That big platter of perfectly cooked meat—slabs of juicy prime rib, the clove-studded ham, a browned and succulent turkey—brings home the warmth and comfort of a festive meal. For lots of hosts and guests, the star of a holiday meal is the meat.
Remember the pictures of Mom easily bearing the platter with turkey to the table? That may not be as easy these days. A trend has emerged in the past few years, says Tony Slaygon, manager of the meat department at Strack & Van Til in Hobart. “Many more people are choosing really large turkeys, 25 pounds. That size turkey wasn’t common, but big turkeys are definitely more popular now.”
Tobie Martin, one of two managers at Rob’s Meat Chop & Deli in Dyer, sees another trend. “It used to be that people wanted a whole roast with more of a fat cap on it. But now people are trying to eat healthier, so they want leaner meats.”
Steve Kalsow at I Street Meats in La Porte, says its No. 1 order for a holiday meal is prime rib, boneless or with bone. “We can also season it, and our customers can order any size.” Other choices do run the whole gamut, though, including turkeys, ducks, steaks, oysters, shrimp and lamb chops.
Slaygon says at Strack & Van Til ham edges out turkey for Christmas dinner, though hosts are also selecting duck and leg of lamb. Martin says prime rib roasts and rump roasts are popular, along with marinated duck breasts.
And the more unusual? “A very few people have asked for a turducken,” says Martin: a chicken in a duck in a turkey.
Kalsow says he’s prepared them, “But it’s about a three-hour job to bone them all and put stuffing between each one.” Martin agrees, adding that with labor and costs, “Who wants to pay almost a hundred dollars for it?” Kalsow says, “I can do just about anything with a piece of meat, but I was asked for a gluten-free turkey, and I couldn’t fill that.” Still, observes Slaygon, “It’s not like 20 years ago; now you can get just about anything you want.”
Kalsow, who started learning how to cut meats when he was 15, says butcher shops are getting hard to find, “Because people are in a hurry and some don’t want to go to a separate store for meats. But here you can get more customized service. Everything’s cut fresh right in front of you and people like that. And they can get the amount they want.” The store does have an array of meats that have been cut and packaged there for customers in hurry.
Also, “we know most everyone who comes in here, and people like that.” Martin says of the customer service advantage of a smaller store. “We want it to be a warm, pleasant, approachable place, not just a business. We ask how their day is going, how the kids are. We like knowing our customers.”
At Strack & Van Til, Slaygon says he wants to make every customer happy, and “around the holidays you especially want that. People are stressed with everything they have to do then, and I understand that. “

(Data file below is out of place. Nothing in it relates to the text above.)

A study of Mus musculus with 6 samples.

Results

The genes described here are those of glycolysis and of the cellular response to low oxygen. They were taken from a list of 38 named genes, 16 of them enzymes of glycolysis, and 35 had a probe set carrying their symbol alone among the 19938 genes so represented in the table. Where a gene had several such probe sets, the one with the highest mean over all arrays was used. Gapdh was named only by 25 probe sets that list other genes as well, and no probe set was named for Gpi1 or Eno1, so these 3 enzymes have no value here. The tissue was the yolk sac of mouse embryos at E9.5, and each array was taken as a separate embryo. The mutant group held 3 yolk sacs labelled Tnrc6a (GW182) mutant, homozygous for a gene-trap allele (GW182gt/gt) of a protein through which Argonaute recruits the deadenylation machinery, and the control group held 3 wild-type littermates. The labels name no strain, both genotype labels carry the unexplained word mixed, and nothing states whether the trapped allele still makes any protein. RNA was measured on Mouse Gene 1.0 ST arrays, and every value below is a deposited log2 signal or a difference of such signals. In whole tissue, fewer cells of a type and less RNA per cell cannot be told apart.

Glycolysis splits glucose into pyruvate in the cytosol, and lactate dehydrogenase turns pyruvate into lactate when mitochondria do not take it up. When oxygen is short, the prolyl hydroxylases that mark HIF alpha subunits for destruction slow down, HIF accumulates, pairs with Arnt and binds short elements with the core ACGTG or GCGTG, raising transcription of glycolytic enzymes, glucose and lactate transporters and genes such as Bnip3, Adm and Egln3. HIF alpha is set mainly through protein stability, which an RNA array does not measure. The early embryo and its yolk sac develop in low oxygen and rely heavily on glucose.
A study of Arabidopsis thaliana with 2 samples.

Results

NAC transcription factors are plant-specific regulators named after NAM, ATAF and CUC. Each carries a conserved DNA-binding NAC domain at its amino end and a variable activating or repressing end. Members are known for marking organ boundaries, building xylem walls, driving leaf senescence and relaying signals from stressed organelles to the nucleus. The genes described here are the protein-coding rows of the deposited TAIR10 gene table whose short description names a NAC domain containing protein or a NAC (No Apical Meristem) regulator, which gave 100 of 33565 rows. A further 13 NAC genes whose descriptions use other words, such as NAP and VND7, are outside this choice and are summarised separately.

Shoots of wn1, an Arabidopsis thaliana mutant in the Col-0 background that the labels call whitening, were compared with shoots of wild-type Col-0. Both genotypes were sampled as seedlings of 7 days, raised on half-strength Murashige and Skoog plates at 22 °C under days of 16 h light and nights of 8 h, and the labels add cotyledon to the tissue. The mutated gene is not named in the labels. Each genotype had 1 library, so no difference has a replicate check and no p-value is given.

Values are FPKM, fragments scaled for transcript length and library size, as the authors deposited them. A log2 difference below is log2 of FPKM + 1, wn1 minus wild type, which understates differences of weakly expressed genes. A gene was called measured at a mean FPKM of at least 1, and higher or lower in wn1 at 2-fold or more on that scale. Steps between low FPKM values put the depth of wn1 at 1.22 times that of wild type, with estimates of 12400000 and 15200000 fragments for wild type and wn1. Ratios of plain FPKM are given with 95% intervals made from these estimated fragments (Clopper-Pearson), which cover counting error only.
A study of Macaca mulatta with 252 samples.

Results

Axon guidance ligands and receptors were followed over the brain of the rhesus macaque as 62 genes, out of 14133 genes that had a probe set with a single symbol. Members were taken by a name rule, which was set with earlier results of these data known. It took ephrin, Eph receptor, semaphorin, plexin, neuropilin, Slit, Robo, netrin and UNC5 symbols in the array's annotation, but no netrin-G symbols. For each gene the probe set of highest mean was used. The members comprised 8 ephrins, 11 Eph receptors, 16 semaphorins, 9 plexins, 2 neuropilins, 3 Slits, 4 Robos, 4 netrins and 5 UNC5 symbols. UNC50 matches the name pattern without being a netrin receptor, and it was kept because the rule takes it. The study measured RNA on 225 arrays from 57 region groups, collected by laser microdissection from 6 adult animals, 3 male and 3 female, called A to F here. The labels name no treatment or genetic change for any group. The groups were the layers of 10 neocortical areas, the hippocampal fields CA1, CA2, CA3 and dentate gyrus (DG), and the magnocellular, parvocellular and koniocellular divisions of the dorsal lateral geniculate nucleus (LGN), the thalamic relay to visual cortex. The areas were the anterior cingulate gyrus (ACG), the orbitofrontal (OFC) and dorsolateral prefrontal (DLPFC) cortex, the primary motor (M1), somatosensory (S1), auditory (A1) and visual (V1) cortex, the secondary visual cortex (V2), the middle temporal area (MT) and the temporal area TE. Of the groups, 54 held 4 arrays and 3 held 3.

How does a host calculate how much meat is needed for the number of guests expected at the table? Slaygon recommends a half pound for boneless roasts and three-fourths of a pound for bone-in, because the bone means less meat. The host can reduce that amount if other proteins are on the menu, though.
Martin figures generally a half pound per person, “But I recommend one or two pounds over that for shrinkage in cooking and because someone always wants seconds.”
Kalsow recommends about a pound per person because at the holidays people like to have some left over. If the guest list includes kids, figure less for them. And knowing your guests’ preferences can help. “Some men will eat a whole slab of baby back ribs.”
All advise ordering meat in advance. “The sooner the better. We’ve never run out, but it could happen, especially with prime rib,” says Kalsow. He’s accepting orders now, and “we don’t want people to wait while we get a cut of meat ready.”
Slaygon says if it’s something the store doesn’t carry, call a couple of days ahead. Legs of lamb are definitely a order item, because the store gets just a certain amount of them at a time.
Each meat cutter says he’s dedicated to providing the best service and meats. At Rob’s Meat, Chop & Deli that’s been owner Rob Newenhouse’s business for nearly 30 years, Martin says he’s constantly making sure the quality is there. “I want (our customers) to be happy. But keeping everyone happy is easy if you know what you’re doing.”
So's knowing how to cook the meat is crucial. Slagon cautions, “Don’t overcook the meat. It can happen with a ham, especially a fully cooked one; cooking too long will dry it out.”
I Street Meats provides a tip sheet for roasting prime rib. Kalsow advises using a thermometer, because the meat will continue cooking a little after it’s removed from the heat—and that can make the difference between perfection and overcooked. Martin says, “Cook it low and slow.”
Besides, he says, “There are cooking instructions on just about everything now, so follow those.”